Employers are set to figure at the heart of a much-awaited review of apprenticeships, FE Week can exclusively reveal.
Former Dragons’ Den star Doug Richard (pictured right), whose independent review is expected to be published by the end of the month, said he wanted to see “much more employer involvement” on apprenticeships.
“I’ve been doing everything I can, using as many different devices and activities to encourage, incentivise, drive and hope for, much more employer involvement because apprenticeships more than anything else are partly a job, which by definition means you need an employer in the mix,” he told FE Week at the launch of the Entrepreneurs and Education Programme at Lewisham College incorporating Southwark College on Monday, November 12.
“This is what’s unique about apprenticeships, therefore employer involvement on many levels is simply more important than in other things we do. I’ve put a lot of effort into increasing the type, the calibre and the depth of employer involvement and that’s a clear message of the review.”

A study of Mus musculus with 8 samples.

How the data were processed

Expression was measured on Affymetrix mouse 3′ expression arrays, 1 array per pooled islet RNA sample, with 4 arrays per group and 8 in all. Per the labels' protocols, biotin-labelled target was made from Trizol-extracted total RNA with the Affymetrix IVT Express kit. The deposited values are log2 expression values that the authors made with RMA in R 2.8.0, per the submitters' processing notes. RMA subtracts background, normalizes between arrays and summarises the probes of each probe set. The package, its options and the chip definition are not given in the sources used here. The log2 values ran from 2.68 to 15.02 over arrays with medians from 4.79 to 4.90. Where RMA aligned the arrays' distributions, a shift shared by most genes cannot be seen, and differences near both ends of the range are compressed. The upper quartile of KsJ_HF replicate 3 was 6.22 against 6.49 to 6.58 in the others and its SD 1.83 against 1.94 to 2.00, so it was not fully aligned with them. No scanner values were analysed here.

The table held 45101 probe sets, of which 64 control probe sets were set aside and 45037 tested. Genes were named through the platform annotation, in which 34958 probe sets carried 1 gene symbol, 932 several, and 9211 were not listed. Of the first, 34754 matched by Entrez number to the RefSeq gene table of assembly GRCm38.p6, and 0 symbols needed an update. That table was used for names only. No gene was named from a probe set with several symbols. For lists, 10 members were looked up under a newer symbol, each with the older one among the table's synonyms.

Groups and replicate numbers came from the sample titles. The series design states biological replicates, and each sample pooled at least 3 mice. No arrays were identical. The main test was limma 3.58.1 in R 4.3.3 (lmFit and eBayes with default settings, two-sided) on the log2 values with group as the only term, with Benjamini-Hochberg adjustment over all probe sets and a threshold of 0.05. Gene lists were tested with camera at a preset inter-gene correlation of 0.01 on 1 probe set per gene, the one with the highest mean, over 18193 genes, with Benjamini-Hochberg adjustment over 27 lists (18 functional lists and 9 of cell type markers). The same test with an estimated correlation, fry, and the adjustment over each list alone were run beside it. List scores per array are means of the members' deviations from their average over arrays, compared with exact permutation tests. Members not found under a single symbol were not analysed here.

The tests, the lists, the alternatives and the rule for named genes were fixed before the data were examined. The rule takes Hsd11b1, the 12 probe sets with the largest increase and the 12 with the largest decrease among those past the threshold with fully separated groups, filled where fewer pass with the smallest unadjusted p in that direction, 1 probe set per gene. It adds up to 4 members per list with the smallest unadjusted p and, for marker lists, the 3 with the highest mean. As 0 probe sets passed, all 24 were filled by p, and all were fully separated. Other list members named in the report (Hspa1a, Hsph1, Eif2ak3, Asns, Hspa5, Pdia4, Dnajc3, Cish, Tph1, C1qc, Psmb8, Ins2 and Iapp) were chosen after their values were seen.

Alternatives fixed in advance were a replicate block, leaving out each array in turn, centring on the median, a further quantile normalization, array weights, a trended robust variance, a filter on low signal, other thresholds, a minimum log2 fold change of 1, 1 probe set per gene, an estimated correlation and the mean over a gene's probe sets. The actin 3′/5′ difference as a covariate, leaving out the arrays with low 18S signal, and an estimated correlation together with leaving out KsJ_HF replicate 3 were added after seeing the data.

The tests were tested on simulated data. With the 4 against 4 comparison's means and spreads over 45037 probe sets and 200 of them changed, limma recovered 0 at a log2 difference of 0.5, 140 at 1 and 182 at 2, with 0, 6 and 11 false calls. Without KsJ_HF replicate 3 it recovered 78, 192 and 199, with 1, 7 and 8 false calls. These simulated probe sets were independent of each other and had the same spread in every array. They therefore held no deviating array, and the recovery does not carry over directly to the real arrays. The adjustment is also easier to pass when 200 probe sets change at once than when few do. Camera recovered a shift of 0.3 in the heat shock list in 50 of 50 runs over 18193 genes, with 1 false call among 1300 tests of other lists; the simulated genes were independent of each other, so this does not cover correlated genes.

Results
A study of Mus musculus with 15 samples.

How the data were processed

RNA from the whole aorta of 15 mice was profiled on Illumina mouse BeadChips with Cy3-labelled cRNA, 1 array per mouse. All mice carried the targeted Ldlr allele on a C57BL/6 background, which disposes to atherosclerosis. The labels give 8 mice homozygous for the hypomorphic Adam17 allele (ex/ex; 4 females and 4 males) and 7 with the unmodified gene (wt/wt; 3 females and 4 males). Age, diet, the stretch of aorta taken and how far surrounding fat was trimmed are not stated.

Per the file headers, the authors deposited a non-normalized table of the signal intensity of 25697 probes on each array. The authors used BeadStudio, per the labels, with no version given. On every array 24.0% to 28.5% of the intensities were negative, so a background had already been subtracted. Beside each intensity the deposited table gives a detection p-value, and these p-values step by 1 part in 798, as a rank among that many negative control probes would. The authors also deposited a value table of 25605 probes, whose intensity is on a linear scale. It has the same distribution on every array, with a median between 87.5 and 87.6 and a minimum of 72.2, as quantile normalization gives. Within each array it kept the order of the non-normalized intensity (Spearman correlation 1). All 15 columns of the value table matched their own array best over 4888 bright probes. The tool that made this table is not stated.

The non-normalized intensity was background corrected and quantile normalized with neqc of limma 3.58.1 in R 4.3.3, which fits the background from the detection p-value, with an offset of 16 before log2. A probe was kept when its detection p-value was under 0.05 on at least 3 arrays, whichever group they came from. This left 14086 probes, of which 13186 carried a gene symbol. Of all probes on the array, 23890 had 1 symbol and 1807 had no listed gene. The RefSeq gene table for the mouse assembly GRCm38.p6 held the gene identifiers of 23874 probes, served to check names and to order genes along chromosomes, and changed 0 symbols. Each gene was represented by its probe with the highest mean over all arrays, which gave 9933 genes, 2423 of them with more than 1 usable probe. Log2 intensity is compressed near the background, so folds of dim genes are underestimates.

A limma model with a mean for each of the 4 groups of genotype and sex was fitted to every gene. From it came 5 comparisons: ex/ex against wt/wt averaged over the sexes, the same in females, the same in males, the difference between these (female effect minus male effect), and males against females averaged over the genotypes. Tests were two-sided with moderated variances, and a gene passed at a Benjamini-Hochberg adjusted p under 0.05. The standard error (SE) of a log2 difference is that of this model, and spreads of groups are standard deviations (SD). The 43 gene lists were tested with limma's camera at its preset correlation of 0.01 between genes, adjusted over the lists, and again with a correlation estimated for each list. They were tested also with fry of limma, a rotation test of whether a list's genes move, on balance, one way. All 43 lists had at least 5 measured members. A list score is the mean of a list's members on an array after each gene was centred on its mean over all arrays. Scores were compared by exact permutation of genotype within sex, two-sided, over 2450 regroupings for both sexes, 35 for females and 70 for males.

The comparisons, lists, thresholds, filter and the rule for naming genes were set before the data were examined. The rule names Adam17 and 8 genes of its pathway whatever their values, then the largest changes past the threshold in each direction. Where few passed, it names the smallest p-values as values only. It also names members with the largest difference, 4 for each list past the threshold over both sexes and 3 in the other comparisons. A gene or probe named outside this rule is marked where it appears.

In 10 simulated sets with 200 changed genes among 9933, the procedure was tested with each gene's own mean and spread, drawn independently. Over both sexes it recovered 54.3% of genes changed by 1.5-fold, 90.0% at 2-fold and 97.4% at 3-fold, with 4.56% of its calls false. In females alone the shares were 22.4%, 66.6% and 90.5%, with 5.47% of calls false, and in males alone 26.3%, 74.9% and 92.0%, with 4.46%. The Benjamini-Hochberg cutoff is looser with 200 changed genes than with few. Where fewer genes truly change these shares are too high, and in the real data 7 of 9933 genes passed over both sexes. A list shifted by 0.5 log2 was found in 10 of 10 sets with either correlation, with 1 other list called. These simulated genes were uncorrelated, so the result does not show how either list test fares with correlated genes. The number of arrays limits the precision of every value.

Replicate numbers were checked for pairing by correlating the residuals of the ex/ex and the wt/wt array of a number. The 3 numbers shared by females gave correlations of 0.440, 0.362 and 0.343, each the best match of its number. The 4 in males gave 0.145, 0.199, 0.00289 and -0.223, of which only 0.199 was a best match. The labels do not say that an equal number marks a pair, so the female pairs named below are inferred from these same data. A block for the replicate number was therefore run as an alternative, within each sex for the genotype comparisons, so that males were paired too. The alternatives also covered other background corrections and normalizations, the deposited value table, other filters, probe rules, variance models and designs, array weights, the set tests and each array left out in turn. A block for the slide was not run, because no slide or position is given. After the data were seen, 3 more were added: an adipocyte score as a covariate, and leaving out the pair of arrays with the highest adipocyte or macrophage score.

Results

Mr Richard was joined at Lewisham College’s Waterloo Campus for the programme launch by Michael Fallon MP, Minister for Business and Enterprise.
The Entrepreneurs and Education Programme is being funded by £1.1m of cash from the Department for Business, Innovation and Skills over three years to provide support and advice to students, teachers and researchers across 100 colleges and universities.
Mr Fallon said: “Entrepreneurship is coming back into colleges. We’ve had enterprise societies across universities colleges and the further education sector. It can be taught by example. By getting entrepreneurs to come in to colleges, getting businesses into colleges and businesspeople to talk about how rewarding it can be to set up a business and start employing other people.”
The programme, supported by the Department for Business, Innovation and Skills, aims to create a new generation of educational entrepreneurs by equipping colleges and universities across the country with the tools to survive a competitive marketplace.
There were seminars throughout the day, from 9am, with students and staff listening to Mr Richard’s views and advice on business.
“Entrepreneurship can be taught,” he said. “And it’s not so much that’s it’s lacking in FE, it’s just that we don’t have the structures and the systems to promote it to flourish to the degree we want.
“This is broadly in the context of FE colleges, specifically in the context of vocational education and very much in the case of apprenticeships, which I intend to change.”
Read FE Week online for more from Mr Richard.